DPP dispute in open court but with few details
A legal dispute between the Director of the Department of Public Prosecutions and one of his deputies over an allegation of gross misconduct came before the Court of Appeal yesterday.
Larry Mussenden sought to overturn a decision by the Supreme Court that he had acted with “actual, presumed or apparent bias” after making complaints against Cindy Clarke, the deputy director.
Details of exactly what she stands accused of by Mr Mussenden remain unknown.
But the allegations are understood to involve papers filed by Ms Clarke in the Magistrates’ Court regarding a robbery case.
Ms Clarke has denied any misconduct.
Ben Adamson, for Mr Mussenden, said there was no evidence of bias and Mr Mussenden had a professional interest in the case, not a personal one.
He added that Assistant Justice John Riihiluoma had compared the matter to an allegation that the DPP was personally aggrieved but Mr Adamson said that was not the case.
Mr Adamson said: “The only party that was being allegedly defrauded or deceived is the department. There is nothing personal. To suggest there was personal deception is unhelpful.”
Mr Adamson also argued that Mr Justice Riihiluoma had used the wrong test to determine the issue of bias.
He said the Supreme Court had applied the standards used for judges of fact, whereas Mr Mussenden’s role had been more investigatory.
Mr Adamson told the Court of Appeal that the statutory framework required the DPP, as head of the department, to write up the complaint and meet with the subject of the complaint to determine if the matter should go to the Head of the Civil Service or be dismissed.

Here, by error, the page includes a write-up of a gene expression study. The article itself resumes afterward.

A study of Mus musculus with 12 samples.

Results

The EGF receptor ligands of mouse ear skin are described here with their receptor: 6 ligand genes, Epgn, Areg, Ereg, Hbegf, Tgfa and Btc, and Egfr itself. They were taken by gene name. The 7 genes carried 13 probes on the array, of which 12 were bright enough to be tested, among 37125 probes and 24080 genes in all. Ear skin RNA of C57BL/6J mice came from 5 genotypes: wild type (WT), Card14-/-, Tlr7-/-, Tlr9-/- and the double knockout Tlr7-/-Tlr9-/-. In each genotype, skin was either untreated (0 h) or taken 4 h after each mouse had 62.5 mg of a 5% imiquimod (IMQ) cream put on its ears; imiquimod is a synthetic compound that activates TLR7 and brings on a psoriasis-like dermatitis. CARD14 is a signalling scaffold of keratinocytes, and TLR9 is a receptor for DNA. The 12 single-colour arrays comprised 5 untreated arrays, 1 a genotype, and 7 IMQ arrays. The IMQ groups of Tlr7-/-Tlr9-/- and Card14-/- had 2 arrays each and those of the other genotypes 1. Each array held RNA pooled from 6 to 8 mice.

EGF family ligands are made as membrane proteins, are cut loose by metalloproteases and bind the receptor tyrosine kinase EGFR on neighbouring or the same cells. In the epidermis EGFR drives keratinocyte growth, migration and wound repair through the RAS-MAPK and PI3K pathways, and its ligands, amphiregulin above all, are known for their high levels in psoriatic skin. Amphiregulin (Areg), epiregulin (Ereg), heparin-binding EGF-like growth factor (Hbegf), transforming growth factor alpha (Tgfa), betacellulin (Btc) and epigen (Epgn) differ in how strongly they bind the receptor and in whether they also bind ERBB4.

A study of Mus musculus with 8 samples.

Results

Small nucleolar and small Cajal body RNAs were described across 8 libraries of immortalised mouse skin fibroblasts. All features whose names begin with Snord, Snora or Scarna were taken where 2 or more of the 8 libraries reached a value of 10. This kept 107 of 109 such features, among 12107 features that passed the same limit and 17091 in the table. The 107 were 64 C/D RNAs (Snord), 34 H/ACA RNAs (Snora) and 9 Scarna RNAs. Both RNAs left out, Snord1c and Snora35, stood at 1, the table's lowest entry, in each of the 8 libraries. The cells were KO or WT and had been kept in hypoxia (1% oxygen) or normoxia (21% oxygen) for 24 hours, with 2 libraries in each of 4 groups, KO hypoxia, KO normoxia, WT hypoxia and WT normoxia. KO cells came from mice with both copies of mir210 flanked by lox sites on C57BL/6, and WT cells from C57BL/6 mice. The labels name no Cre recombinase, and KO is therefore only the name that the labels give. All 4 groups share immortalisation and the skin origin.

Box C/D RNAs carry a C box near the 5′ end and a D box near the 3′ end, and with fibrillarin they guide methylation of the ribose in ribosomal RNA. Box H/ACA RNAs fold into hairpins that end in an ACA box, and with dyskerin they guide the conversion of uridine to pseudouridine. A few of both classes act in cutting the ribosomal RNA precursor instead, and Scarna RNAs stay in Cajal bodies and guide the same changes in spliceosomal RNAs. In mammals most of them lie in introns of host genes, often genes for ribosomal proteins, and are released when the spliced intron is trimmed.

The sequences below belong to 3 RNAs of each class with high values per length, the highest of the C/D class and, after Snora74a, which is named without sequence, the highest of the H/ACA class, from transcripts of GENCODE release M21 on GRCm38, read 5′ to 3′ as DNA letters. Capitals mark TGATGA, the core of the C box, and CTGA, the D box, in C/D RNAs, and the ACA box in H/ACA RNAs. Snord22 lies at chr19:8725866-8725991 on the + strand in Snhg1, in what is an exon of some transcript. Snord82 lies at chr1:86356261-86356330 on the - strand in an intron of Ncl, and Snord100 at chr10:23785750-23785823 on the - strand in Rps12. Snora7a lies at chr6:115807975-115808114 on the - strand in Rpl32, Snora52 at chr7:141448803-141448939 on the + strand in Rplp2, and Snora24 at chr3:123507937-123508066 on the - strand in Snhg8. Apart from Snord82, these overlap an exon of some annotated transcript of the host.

Mr Adamson also said that Mr Justice Riihiluoma had not addressed the element of “necessity” in his judgment.
He argued under the “detailed” statutory framework the DPP could not delegate his responsibility to look into complaints.
“We cannot tell the Governor to appoint a new head of department,” Mr Adamson added.
But Mark Pettingill, for Ms Clarke, said an Acting DPP could be appointed to deal with matters if there was a conflict of interest.
Mr Pettingill said: “What happens when the DPP is off island? What happens when the DPP is off ill? What happens when there is a blatant conflict?
“The answer is an Acting DPP is appointed.”
He said there was clearly an option for the DPP to delegate the matter, and in the circumstances of the case he should have done so.
Mr Pettingill argued Mr Mussenden had launched the complaint, which meant he could not hear the matter objectively.
He said: “I would suggest he has a vested interest in being right, in that he is making the accusation.”
The Appeal Panel said it would deliberate on the matter and release a decision at a later date.